2.  Stuttering in Public

 

As the title of this unit implies, you will be doing pseudostuttering outside of the confines of our classroom and CCD. 

 

As a result of completing this unit you will

a)   Learn how to stutter convincingly

b)   Develop a beginning level of understanding of how the anticipation of stuttering affects one’s communication interactions

c)   Observe and evaluate reactions from the individuals that you interact with when you are pseudostuttering

d)   Evaluate your own reactions to this experience

 

Tasks included in this unit include

a)   Reading several articles

b)   Practicing pseudostuttering with your classmates

c)   Pseudostuttering in public

d)   Writing reaction papers for each stuttering experience and a summative paper

 

Articles

You are required to read the following articles/chapters

 

Jezer, M. (1997).  Stuttering: A life bound up in words. Plymouth, VT: Five Corners Press.  Please read Chapter 2, How I Stutter & Chapter 3, The “S” Word.

 

Manning, W. (2004). “How can you understand? You don’t stutter!”  Contemporary Issues In Communication Sciences and Disorders, Vol. 31, 58-68.

 

Pseudostuttering Practice

You will need to practice pseudostuttering with a friend or classmate(s) prior to actually stuttering in public.  You must try to make your stuttering behaviors representative of real stuttering and try to develop a level of comfort when you pseudostutter.  Your pseudostuttering must be convincing.

 

Pseudostuttering in Public   

You are required to stutter in a public setting…actually, 3 different public venues.  One purpose of this unit is to give you a sense for what it may feel like to be a person who stutters (and perhaps develop a better understanding of what your clients who stutter experience daily).  Another purpose is for you to observe your listeners’ reactions to you when you pseudostutter. 

Of course, as you’re completing this assignment, remember that you have the option to stutter or to not stutter.  The person who stutters doesn’t have that option in all speaking situations.

As stated previously, you need to stutter in three different settings.  These may include, but are not limited to -–placing an order at a restaurant, asking for information on the telephone, asking for directions at the mall or on campus, ordering pizza on the phone, buying clothes, etc.  Only one experience can occur on the phone.  The other two must be face-to-face.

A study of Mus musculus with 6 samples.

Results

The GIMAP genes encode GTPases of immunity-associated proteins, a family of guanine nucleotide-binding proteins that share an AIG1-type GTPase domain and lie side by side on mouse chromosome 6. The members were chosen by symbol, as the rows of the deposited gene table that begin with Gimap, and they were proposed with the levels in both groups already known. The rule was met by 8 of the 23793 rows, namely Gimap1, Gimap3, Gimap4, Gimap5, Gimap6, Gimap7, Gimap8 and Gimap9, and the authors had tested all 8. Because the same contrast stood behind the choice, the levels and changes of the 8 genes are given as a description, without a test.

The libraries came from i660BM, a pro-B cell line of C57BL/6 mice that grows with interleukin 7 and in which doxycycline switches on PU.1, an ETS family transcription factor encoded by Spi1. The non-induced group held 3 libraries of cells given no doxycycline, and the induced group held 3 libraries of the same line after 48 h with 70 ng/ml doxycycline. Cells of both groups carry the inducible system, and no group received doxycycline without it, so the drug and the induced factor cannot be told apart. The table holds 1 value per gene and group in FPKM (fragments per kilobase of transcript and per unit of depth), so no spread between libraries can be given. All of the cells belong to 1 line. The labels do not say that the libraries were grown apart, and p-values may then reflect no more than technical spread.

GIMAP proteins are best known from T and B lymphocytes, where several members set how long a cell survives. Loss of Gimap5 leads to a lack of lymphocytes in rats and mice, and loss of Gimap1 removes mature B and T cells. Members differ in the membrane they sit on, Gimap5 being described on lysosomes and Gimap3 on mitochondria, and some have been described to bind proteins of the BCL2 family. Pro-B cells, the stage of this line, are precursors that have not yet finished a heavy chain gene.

Reaction Papers and Summative Paper

You need to write a reaction paper for each experience and a summative statement.  There is no length requirement, but your written reactions are expected to be complete.  Questions to address in your papers might include the following: How did you approach the situation?  What kind of stuttering did you do?  What was the reaction of the person(s) you were talking to? How did you feel as a communicator?

 

Your summative paper should address your overall personal reactions to completing this unit, your perception of how you were received (were your listeners sensitive to your communication needs?), what is your sense in general as to how our culture perceives someone who has a stuttering problem, whether you can empathize with the authors of the readings, you should include discussion of how or if this unit has helped to develop your understanding of stuttering, etc.  

 

Grading

This unit is worth a total of 50 points.  Each reaction paper is worth 10 points, while the summative paper is worth 20 points.  Please refer to the rubric in the syllabus for grading guidelines.

 

This unit is due in the D2L Drop Box by the end of the day October 06, 2006.